According to a cover story in Corporate Meetings and Incentives magazine, author David Pink warns that effective employee reward and incentive strategies are changing. Pink believes traditional motivation strategies are no longer effective and may even “undermine employee motivation, creativity, and the achievement of desired goals.”
In a rebuttal to that story, Bob Nelson, Ph.D. and author of ‘1001 Ways to Reward Employees’, jumped in to defend traditional motivation strategies. He advises readers not to take Pink’s words to heart; he cautions not to discard rewards and incentives that have proved to be successful strategies for many years.
Nelson, one of the leading authorities on employee motivation, said Pink’s “interview included some advice that I consider to be misinformed and misleading,"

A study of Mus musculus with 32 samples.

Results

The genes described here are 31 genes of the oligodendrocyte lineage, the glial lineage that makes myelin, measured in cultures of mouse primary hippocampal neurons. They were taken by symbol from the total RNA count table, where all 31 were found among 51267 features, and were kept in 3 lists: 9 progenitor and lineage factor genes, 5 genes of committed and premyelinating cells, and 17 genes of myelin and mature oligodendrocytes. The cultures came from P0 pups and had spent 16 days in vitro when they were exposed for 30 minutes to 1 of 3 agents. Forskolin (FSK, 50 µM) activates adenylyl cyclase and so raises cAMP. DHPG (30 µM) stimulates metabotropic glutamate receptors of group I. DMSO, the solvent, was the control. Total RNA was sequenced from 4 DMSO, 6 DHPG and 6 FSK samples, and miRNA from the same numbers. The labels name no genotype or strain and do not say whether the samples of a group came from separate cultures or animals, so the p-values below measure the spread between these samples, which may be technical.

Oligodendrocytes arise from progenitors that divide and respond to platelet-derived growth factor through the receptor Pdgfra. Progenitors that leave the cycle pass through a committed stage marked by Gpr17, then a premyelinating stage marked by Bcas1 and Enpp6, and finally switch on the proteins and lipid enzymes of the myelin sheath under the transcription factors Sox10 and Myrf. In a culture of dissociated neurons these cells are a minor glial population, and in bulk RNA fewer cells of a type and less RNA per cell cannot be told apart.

As an example, Nelson noted Pink’s views that ‘Rewards can extinguish intrinsic motivation.' Nelson explained that this is not the case. If an organization’s leaders strive to determine what their employees want, and take that knowledge to “systematically reinforce and reward desired behaviors and results, that serves to reinforce their intrinsic motivation, not extinguish it.”
Another point disputed was Pink’s definition of ‘reward’; Pink believes rewards focus on monetary incentives. Nelson argues that research clearly shows that most types of rewards and recognition are likely to be non-financial, and that money is not a great motivational tool.
One of several “studies cited by Nelson is the National Study of the Changing Workforce, which is conducted every five years by the Families and Work Institute.” The workforce information provided on the organization’s website is obtained through surveys that represent large national samples of employed workers.